The Pen is Mightier than the Tiki-Torch

In what’s developing to be quite a slump year for film (with some of the lowest box office returns ever seen in the last five years), the small screen, on the other hand, has witnessed a revolution in quality. Thanks to two little ABC shows, Desperate Housewives and Lost, people have started watching scripted shows again, almost as often as they tune into American Idol. It’s like what they say Ms. Rowling did for books (and, well, big-budget movies and merchandise for that matter): ABC has convinced people to return to the art of scripted programming. Good drama may be reality TV, but great drama can only be penned.

With a year that somehow contained both the best seasons of the Amazing Race and Survivor (with Borneo and Amazon as the only real competition), shows like Lost and Desperate have still proved more able to glue their viewers to the screen.

Why?

Sure an inordinate degree of attention has been paid to writing characters more memorable than the well-cast stocks of the real world seen week after week on Survivor, but the answer is an audience desire for hyper-reality. We’ve grown desensitized to the so-called “unpredictability” of unscripted TV. Placing real people in unreal situations only works if the situation seems fantastic to its participants. The structure of Survivor and its brethren, that is, the immunity challenges and tribal councils, voting off your comrades to win the million-dollar prize isn’t foreign to anyone anymore. It’s become an artificial paradigm of our world saturated in pop-culture.

Lost, Desperate Housewives, 24 and the miniseries Revelations are all set in worlds either better and more exaggerated than reality (the soap operatic insanity of Wisteria Lane and the tropical island of Polar Bears in Lost) or visions of the real world embracing the supernatural potential of “what-if” scenarios (the modern manifestation of Biblical Armageddon in Revelations or fears of nuclear terrorism in 24). Audiences have grown tired with the real world and want to escape to the fantastic. Populated by fully believable personalities and all with striking flaws to which we can identify, these shows convince us that these worlds, however seemingly bizarre and unreal, COULD be possible. This gives the shows their heightened immediacy; we tune in because we HAVE to know what happens next. The stakes are exceptionally high, the plots more serially ongoing than any hour-long TV before it. Sometimes I don’t mind cancelling social engagements for my new addictions, something I haven’t experienced since the heyday of reality TV, when tribal vote-offs were fresh and I’d kill my best friend if he told me who got the boot before I got to witness it myself. Now the cooler talk is all about Mrs. Vandecamp’s impossibly gay AND malicious son or her homicidal pharmacist.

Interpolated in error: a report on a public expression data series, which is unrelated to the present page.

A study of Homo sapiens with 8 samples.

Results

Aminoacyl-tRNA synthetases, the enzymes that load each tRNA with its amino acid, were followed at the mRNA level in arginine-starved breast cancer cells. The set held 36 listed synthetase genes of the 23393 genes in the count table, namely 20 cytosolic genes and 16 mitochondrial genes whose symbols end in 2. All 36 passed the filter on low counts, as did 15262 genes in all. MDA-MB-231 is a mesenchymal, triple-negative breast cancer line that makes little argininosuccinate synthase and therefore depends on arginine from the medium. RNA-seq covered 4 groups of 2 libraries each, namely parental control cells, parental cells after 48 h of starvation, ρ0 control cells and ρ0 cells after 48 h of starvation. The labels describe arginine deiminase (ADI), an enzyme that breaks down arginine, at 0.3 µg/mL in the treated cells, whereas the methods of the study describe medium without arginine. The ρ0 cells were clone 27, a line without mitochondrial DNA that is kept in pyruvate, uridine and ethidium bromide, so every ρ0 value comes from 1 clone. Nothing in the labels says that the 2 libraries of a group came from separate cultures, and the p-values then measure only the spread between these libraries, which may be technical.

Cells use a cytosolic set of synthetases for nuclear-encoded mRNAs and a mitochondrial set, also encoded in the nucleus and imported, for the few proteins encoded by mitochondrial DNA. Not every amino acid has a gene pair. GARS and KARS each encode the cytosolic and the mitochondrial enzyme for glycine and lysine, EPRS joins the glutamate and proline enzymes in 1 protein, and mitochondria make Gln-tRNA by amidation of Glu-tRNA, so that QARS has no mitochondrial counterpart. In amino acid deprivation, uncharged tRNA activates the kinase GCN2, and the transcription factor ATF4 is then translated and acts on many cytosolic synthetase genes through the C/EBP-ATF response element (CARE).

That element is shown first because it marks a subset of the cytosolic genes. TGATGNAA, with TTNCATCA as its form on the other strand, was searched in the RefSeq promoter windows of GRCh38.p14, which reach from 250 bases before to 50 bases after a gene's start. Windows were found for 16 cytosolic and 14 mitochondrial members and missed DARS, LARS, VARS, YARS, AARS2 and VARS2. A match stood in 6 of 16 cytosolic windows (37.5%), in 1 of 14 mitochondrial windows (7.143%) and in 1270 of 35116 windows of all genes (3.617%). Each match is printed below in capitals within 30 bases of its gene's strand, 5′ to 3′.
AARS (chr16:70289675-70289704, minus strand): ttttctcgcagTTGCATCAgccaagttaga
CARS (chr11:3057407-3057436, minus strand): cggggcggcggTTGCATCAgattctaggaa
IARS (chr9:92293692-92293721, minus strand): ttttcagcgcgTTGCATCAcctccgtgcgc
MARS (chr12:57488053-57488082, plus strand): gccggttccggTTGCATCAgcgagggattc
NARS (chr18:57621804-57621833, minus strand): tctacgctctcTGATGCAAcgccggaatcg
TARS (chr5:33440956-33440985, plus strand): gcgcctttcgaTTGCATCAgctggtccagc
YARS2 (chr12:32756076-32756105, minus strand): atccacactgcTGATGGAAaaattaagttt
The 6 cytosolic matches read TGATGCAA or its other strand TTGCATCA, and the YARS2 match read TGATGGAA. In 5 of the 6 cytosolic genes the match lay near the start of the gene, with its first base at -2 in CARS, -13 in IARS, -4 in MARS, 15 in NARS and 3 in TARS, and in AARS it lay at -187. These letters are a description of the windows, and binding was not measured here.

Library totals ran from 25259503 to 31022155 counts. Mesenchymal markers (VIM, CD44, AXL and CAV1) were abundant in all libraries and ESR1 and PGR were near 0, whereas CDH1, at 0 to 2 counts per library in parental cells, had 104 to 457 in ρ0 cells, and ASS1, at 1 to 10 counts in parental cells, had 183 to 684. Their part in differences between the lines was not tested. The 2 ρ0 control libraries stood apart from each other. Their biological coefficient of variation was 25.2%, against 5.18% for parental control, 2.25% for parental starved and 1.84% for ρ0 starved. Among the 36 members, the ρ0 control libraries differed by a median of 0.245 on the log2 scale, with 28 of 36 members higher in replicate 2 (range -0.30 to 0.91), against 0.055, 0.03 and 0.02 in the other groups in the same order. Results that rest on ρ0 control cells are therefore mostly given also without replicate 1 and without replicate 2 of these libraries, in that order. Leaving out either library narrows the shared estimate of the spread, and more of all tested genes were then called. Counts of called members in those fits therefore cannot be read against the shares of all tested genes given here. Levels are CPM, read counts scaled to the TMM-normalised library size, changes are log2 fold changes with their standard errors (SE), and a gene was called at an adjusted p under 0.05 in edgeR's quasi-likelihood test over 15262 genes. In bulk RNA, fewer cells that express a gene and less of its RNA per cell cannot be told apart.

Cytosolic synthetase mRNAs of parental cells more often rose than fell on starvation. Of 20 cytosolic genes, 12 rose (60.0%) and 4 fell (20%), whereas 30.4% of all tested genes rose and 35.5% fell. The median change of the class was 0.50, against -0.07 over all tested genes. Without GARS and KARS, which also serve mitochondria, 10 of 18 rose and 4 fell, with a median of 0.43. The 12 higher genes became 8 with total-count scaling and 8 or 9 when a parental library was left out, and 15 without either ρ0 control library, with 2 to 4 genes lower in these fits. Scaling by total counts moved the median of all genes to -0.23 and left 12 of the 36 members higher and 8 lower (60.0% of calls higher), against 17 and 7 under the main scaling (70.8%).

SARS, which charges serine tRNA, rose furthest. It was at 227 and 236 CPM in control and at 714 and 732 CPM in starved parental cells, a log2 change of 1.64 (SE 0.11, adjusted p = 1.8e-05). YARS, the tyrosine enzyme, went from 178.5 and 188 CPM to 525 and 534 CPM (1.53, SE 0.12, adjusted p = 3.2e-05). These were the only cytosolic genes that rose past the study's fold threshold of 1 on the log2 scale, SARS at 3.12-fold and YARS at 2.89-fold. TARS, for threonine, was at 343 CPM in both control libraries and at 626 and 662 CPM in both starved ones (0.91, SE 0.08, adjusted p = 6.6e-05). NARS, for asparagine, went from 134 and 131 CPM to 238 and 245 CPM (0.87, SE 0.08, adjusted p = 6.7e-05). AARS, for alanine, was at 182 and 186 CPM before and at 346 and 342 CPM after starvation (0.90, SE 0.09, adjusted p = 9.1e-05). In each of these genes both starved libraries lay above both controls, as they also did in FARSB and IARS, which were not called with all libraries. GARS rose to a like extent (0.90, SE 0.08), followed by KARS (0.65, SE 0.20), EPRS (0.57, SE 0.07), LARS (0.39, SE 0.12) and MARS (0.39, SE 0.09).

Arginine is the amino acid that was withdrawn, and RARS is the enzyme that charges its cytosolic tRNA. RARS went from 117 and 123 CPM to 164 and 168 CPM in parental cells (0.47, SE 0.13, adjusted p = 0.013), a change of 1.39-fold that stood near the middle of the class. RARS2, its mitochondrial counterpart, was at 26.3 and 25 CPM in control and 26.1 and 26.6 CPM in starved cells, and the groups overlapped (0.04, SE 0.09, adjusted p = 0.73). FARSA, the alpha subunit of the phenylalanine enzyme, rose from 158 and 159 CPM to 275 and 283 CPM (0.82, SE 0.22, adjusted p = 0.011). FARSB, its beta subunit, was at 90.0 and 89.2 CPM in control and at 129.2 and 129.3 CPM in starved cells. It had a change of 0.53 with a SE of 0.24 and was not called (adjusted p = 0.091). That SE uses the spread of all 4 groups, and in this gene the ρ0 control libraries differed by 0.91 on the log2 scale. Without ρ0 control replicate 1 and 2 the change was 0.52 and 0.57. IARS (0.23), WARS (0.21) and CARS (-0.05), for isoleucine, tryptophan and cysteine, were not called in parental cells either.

The other big problem with reality TV is that we now know the range of what to expect. ‘Characters’ can only react in a variety of pre-determined ways that remain ‘safe’ by television ethical standards (and believe me, THEY DO exist). There is no way characters will or can be more than competitively violent towards one another, let alone driven to kill. Producers can’t legally cast characters with neurotic tendencies that predispose them to homicide, or even condone reality-TV abuse, so not only does our bloodlust remain un-satiated, the twists simply can’t reach the jaw-dropping shock of killing off Boone on Lost.

Scripted television is the hands-down victor of the battle with reality television this TV season.

When popular sitcoms were deservedly banished last year with the suicides of Frasier and Friends, audiences and Entertainment Weekly columnists feared the days of scripted TV may be over. But with Lost and Desperate Housewives, TV began a new era of serial television with truly enduring, highly cinematic stories and characters fit for A-list films filling out the dramatic rosters. This turnaround gives scripted TV the obvious edge, even in a season of exceptional reality seasons (even American Idol is about to crown its most appealing contestant in Bo Bice after a scrumptious scandal). But then there was the bland boxing fiasco Contender, forcing reality TV to throw in the towel and concede the technical KO.